The Consultant's Desk

The Consultant's Desk
Poring over the details on your behalf

Monday, June 16, 2008

Glorious Exits

Tim Russert died this past Friday. In spite of his hard work and the fact that he'd just commenced his 58th year of life, he looked pretty good. His death did not have the impact on me that some other journalists' had. But his tributes and memorials collect the same stories as his predecessors about being in the trenches, collecting the story that could not have been were it not for his/her conviction, the gripping interviews, attention to high journalistic standards, and so on.

I admired Tim Russert's skills as a journalist, TV moderator, speaker, and all the other attributes that went with his talents. But for the breadth of experience and talents, for the constant push toward a higher standard and the setting of new goals, for his desire to expand and increase the desire to know on the part of the information-consuming public, I still admire people such as Peter Jennings, and the legions of other journalist legends such as Walter Cronkite, Frank Reynolds, Charlayne Hunter-Gault, to name a few.

Knowing his ailment as intimately as I do, it is quite easy to identify with the footage his brain recorded in those last minutes, the thoughts and concerns about what he was doing and how to keep the flow of the work product moving to fruition. I know these things because Russert and I had the same standards. No matter what else, the product needs to be delivered. No matter what's happening, the public deserves to be as informed and educated as possible so that they are not making blind decisions.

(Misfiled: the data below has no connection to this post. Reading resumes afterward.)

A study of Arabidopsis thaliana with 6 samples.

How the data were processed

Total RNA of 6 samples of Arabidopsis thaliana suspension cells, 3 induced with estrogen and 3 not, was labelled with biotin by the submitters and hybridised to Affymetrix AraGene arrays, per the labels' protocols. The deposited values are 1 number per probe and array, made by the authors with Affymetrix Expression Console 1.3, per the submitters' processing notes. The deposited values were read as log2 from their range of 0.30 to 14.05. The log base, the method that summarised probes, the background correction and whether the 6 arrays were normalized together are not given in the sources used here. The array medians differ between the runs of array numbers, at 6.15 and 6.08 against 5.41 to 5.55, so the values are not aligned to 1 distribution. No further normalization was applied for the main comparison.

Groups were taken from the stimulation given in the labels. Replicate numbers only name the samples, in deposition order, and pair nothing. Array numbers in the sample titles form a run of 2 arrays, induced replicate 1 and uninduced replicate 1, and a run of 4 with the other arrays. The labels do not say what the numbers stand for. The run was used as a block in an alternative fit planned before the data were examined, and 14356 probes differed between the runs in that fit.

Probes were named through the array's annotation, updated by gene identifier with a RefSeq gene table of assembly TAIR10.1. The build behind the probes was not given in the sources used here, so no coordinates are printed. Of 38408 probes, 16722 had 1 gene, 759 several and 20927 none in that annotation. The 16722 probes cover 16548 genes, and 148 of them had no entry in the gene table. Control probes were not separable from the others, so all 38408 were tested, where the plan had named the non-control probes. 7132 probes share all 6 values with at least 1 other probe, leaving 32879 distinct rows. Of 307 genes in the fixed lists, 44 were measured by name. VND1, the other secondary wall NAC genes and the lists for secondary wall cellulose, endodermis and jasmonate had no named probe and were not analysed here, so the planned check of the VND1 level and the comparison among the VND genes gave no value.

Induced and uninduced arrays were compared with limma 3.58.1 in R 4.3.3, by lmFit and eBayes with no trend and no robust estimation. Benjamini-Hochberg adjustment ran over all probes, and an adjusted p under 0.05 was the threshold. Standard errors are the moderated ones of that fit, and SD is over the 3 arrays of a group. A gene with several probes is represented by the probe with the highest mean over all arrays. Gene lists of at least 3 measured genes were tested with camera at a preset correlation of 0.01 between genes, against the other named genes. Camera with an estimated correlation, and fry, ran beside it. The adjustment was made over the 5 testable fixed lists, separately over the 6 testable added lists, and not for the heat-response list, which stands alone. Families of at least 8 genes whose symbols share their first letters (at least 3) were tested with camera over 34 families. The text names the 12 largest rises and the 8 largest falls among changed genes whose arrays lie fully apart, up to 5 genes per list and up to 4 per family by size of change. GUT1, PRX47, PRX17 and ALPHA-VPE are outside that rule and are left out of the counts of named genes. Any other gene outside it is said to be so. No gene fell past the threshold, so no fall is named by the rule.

Russert was also a journalist who stood his ground when he felt he was right about a particular slant. How well I remember the email that was sent to both his station (KNBC) as well as one of his competitors (KABC) that threatened to no longer watch his show if he continued to plunge viewers into yet another hour of Clinton horror reportage rather than cover the multifoliate issues impacting the U.S. domestic and foreign policy, and more. Russert chose to continue the Clinton coverage while his competitors re-integrated the political news of many perspectives back into their Sunday programming. It was his right to make the decision and it showed that he was a journalist who did not bend to pressure for the sake of pressure.

But the thing that most makes me want to stand and salute this excellent journalist is the one that many will take for granted. He died in one of the most glorious ways possible. He died while fully engaged in his greatest passion -- doing his work. How many of us will be able to say we died with a smile on our face because we were doing what we enjoyed most -- our work? That is definitely a glorious exit.